Tampons can be an awkward thing to deal with for a lot of other reasons too. Imagine that moment on a dinner date (or worse, a job interview) when you need to use the loo and go through the mental process of "Oh shit! This dress has no pockets... will it look bad if I carry my backpack to the bathroom with me? Will they think I'm running away? Will they know? Maybe I can maneuver it into my sleeve?"
Gentlemen... if a woman ever dives under the table digging frantically through her purse, casually re-emerges 30 seconds later, shrugs it off and then excuses herself you now know why. Somewhere on her person- up a sleeve, in a shoe, or in extreme cases, in a bra, is concealed a small piece of cotton that will afford her another three hours -give or take- of dignity.
My days of dealing with this are mostly over. I've become a convert to the Diva Cup.
I'd say that I can't believe it took me 25 years of my life (or, more accurately, 12 years of menstruating) to discover this, only that is partly my own fault. My freshman year of college one of the seniors actually did, as her senior project, an educational theatre piece with stories about periods, and well dressed women dancing in large plastic cups. My younger more easily embarrassed self didn't quite know what to make of it, so I watched awkwardly and then forgot about it.
Fast forward six years and a lot of toilet tours later when there's nothing much I won't talk about, and I came across an article about eco feminine hygiene products. Vague memories of the diva-cup were re-awakened and I thought 'maybe this is worth a go after all!'
The advantages are numerous. They are re-usable, so not only are you saving money in the long-run not buying tampons and pads every month (Tampon tax has been getting some interesting press lately), but you spare those poor long-suffering gentlemen of the BTA the need to constantly re-calculate the bin emptying schedule.
It's a weird concept to get your head around. Essentially sticking a little squishable cup up your neither regions. I thought for sure it would leak, or fall out, or get stuck, or just plain wouldn't fit in the first place. It doesn't do any of those things. It's actually so comfortably you can pretty much forget it's there.
Chances are the intricacies of female plumbing aren't your forte. They aren't for most people- including most women (any more than most of us know how the pipes and wires are set up in our homes.) So here's a lesson in female anatomy 101: The blood comes from the uterus shedding its lining, so it's all coming from the cervix which is at the top of the vagina. So the cup catches it pretty much right at the source, getting rid of a lot of the mess of tampons.) The urinary tract is a separate hole entirely slightly in front, so it doesn't interfere with that.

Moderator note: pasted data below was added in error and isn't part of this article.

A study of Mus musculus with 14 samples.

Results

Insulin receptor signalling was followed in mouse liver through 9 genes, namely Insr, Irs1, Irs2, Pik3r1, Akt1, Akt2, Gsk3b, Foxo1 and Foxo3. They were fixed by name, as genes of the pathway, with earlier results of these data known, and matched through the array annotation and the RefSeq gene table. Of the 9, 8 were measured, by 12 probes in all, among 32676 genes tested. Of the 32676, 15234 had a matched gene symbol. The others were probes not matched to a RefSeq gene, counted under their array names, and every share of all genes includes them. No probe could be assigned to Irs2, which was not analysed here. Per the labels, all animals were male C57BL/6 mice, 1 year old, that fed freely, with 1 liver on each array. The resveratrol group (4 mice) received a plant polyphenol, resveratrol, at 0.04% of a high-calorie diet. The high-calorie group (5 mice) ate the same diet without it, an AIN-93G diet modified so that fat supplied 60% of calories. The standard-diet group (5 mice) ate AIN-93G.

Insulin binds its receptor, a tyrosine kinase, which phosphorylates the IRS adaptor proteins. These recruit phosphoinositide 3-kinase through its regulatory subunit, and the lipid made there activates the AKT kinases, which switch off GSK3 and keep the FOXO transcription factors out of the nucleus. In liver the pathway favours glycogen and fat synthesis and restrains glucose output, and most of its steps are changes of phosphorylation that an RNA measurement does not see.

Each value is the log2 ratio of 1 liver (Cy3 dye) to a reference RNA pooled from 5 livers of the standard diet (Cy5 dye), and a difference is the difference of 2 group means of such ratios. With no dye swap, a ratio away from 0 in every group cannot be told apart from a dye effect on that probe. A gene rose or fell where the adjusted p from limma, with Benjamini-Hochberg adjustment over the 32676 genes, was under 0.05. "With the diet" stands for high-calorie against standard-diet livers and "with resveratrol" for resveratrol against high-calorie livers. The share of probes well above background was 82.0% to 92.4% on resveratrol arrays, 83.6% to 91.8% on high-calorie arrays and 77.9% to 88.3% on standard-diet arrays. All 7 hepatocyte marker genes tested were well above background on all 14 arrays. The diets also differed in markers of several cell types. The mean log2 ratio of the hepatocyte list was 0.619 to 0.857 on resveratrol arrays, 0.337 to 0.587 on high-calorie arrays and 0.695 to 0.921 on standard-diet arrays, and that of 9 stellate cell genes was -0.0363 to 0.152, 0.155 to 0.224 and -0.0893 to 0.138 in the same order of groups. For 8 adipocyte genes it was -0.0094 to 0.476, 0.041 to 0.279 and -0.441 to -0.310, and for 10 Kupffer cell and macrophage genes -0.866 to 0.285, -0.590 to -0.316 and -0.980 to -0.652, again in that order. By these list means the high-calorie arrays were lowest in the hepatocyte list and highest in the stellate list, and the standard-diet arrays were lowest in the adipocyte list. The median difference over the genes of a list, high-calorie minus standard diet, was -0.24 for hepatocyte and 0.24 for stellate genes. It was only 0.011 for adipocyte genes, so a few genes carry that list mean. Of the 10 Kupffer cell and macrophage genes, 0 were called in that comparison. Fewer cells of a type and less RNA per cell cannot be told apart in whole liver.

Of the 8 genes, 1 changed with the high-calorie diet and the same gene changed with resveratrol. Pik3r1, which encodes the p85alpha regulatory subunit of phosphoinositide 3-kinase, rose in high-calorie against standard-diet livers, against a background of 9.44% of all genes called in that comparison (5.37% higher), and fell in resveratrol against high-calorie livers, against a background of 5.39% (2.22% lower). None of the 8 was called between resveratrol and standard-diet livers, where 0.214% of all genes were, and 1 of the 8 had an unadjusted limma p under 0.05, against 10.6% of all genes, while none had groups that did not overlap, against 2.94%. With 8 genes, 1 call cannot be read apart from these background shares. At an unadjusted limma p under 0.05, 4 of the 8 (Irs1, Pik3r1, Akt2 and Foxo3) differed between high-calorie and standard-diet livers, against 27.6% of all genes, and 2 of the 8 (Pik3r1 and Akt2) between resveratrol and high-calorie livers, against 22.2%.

Are you blushing yet? This topic is still definitely a step beyond my normal toilet and pee and poo talk in terms of taboo. Where most people warm pretty quickly to toilet humor in the right environment you can see them get visibly uncomfortable when it becomes too personal. Maybe because it's moving from what comes out of the body to what goes on inside the body? Maybe because as a gender-specific topic we don't have it as universally in common.
I'm still exploring how to talk about it without making people shy away and shut down (like I did when I saw that play as an 18-year-old freshman.) It needs to be talked about, because it's so fundamental to women's equality. One of the primary reasons for girls dropping out of school in developing countries is a lack of toilets and safe places to go when they start their periods.
On the home front, if you want more women in the workplace you can't take the body out of the picture. A lot of workplace routines are designed for male bodies that don't spend 5 days out of every month bleeding and dealing with cramps, back pain, headaches and haywire hormone levels. Usually, as women, we try not to let that show, and carry on with business as usual, lest it be seen as a sign of weakness. A friend of mine used to like to say "never trust anything that bleeds for five days and doesn't die." Maybe there's something in that... we're tough creatures! Beware our power!
Anyway, all this is to get back to the fact that when you don't talk about something, progress and innovation is difficult. Hence the slow rise of an amazing product like the divacup. You won't see people queuing up for the latest model, like an iphone 6.
If you can get over the initial awkwardness, it's probably the best gift you can give to any of the women in your life. I recommend Lunapads.com who not only carry a lot of lovely products, but donate a significant portion of their proceeds to supporting girls in developing countries.
Just for some comic relief, here's Sarah Silverman talking about lady parts.